By Amy Rudolph
Elm Staff Writer
There are cases that we hear about and often wonder how those of authority come to the decisions that they do. The Deflategate Scandal of 2015 has been thrust into the public eye for the last year and a half. Reports of ball tampering and arguments from both sides of the line about the legitimacy of those claims became so heated that they needed to be settled in court. Patriots quarterback Tom Brady’s court case, fighting his four game suspension for his part in the controversy, concluded in July of 2016. Whether or not Brady actually had any part in the supposed ball tampering does not matter when you start to think about the penalty-offense correlation in the NFL.
Brady received a four-game suspension for possibly adjusting the air pressure of a game football, though it cannot be proven whether he did or not. Ray Rice of the Baltimore Ravens was caught on camera physically assaulting his then-girlfriend in an elevator and dragging her unconscious body away from help. Rice was given a two-game suspension. Pittsburgh Steelers Quarterback Ben Roethlisberger has been accused of multiple sexual assaults since 2009 and was given a one-time, six-game suspension for his “personal conduct violation.” Michael Vick led a dog fighting ring and killed innocent animals in ways so graphic that I refuse to detail them in this article. Vick served his time jail sentence and was welcomed back into the league with no suspension and is still praised by fans in Atlanta and Philadelphia. Vick was named NFL Comeback Player of the Year while fans ignored the reason why he had to leave in the first place. Though it is public knowledge that these players have been either convicted or accused of these offenses, they are still celebrated in the regions that they play for.
Ball tampering (that you may have had nothing to do with) falls between knocking your girlfriend unconscious in a public elevator and committing sexual assault on the NFL’s punishment scale. However, leading a dog fighting ring for five years and killing hundreds of animals will win you awards and a warm reception upon your return. Many will argue that Brady’s alleged actions impacted the integrity of the game but according to the NFL’s logic, physical and sexual assaults and animal abuse don’t. If under-inflating a ball is worse than violating another person, the NFL needs to reevaluate their priorities.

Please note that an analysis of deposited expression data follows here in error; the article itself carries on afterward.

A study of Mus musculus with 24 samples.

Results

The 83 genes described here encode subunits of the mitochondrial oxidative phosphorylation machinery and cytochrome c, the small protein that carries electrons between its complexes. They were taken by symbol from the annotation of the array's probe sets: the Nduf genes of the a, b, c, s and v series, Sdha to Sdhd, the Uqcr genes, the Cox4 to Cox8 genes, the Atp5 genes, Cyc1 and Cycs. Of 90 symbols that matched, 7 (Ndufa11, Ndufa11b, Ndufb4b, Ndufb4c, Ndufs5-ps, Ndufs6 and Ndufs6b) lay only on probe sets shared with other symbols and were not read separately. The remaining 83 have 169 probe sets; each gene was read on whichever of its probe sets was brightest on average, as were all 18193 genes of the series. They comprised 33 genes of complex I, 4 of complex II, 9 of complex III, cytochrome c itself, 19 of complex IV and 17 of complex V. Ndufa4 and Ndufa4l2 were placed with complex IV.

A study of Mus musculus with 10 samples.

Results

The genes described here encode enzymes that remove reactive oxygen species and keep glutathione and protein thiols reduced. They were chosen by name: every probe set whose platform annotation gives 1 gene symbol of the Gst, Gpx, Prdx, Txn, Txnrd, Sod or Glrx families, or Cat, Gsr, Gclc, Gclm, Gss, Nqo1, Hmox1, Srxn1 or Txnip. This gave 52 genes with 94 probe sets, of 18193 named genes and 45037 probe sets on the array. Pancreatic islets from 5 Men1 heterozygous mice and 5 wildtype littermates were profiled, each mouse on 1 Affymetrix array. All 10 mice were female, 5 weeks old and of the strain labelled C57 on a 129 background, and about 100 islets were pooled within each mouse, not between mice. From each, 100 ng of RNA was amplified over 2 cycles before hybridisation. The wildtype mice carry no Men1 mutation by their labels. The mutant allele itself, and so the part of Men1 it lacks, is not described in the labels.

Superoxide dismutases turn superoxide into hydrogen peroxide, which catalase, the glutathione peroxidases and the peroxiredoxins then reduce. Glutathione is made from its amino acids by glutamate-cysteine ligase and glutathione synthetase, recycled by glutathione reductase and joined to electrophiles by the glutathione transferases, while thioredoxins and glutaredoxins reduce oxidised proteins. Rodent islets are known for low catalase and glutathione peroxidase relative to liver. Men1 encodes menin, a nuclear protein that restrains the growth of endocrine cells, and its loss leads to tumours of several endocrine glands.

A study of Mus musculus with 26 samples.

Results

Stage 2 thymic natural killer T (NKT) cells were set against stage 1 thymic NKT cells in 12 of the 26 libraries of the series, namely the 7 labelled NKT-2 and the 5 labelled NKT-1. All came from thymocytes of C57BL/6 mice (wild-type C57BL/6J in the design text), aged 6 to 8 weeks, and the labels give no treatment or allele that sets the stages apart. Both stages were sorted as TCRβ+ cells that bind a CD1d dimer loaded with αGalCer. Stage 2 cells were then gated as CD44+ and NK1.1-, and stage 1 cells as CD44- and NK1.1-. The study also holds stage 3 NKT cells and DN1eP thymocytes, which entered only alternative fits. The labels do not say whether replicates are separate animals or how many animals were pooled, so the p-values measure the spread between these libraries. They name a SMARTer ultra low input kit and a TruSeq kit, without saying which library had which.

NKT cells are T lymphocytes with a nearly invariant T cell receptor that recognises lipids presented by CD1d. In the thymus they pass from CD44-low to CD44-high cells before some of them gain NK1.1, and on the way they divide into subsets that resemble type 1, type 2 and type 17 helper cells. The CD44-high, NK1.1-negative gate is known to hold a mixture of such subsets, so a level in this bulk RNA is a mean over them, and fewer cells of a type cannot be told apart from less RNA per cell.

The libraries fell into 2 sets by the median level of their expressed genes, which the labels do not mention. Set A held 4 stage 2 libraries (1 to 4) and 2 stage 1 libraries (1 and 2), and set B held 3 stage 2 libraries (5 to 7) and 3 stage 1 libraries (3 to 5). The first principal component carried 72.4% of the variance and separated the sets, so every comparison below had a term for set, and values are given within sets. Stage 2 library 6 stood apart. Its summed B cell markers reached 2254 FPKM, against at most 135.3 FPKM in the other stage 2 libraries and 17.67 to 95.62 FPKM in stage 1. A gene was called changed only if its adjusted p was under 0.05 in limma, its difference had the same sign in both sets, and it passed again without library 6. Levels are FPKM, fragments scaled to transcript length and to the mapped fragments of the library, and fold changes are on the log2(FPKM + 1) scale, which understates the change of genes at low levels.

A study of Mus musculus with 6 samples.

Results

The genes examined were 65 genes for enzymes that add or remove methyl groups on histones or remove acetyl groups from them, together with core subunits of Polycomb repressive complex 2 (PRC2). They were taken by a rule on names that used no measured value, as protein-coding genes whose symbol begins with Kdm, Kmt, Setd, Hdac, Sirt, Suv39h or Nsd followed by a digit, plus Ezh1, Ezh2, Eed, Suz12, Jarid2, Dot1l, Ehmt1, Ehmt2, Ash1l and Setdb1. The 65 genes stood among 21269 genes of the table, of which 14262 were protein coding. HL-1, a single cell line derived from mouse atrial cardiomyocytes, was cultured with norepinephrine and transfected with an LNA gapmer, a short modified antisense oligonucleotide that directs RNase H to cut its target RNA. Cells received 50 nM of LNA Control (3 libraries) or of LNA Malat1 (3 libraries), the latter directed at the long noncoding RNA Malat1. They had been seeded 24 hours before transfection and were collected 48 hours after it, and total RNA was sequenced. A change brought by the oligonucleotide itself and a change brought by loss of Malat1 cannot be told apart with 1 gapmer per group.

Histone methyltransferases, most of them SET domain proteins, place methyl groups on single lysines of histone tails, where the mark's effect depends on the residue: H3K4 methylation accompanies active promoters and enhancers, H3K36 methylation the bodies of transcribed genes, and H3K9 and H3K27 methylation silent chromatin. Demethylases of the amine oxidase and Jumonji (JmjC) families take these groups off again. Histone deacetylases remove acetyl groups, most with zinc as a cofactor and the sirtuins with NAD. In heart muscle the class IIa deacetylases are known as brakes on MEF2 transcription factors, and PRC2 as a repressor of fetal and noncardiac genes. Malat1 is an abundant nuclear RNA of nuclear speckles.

With the Deflategate Scandal getting so much media attention for the last year, it begs the question of when the media and the NFL will start actually pursuing grave offenses. The league reevaluated their policies after added pressure from many activists groups to increase their penalties following Rice’s court case. Rice was convicted of third degree assault after which he was suspended indefinitely from the league and was released by the Ravens. Only after his conviction did they overturn his two game suspension. So if you beat your girlfriend, you only get a two-game suspension but if you might have under-inflated a ball you get a four-game suspension? The inconsistency in the league’s rulings conveys a message of what will be tolerated and what won’t be. And the lack of fan-based outrage also calls the fans’ morals into question.
Millions of people watch Sunday Night and Monday Night Football to the point that they are cornerstones of NBC and ESPN programming. Every week, the players that grace our screens serve as role models for children. NFL players are seen as heroes to many young children and their actions serve as unofficial lessons about what behavior is acceptable. Many fans said that they didn’t want Brady to continue playing so their children would not learn from a cheater, personally it seems like it would be better for children to learn from supposed cheaters rather than rapists, wife beaters and animal abusers.
If the fans are going to speak out against minor offenses but not won’t share their outrages against offenses that plague our society, this behavior will continue to be tolerated and more people will become victims. If players are held up on pedestals and their actions do not have strong consequences, they and their fellow players may continue to act this way and serve as an example for their young fans watching at home. The NFL and Commissioner Roger Goodell need to reevaluate their policies and choose which battles they want to fight more wisely.
Patriots nation has become stronger since the Deflategate decision as their fans recognize that Brady’s alleged actions are not up to par with the heinous crimes that other players have committed. Brady’s teammates eagerly await his return as both of his backup quarterbacks have injured as he sits on the sidelines and watches the story play out. Despite injuries and having to resort to using their wide receiver as their 4th quarterback in four games, the fan base and the team have stayed positive and will continue to fight for the league to pursue more serious allegations even after Brady’s return on Sunday, October 9th. Perhaps Brady should win this year’s NFL Comeback Player of the Year to set a better example than Michael Vick ever has and ever will.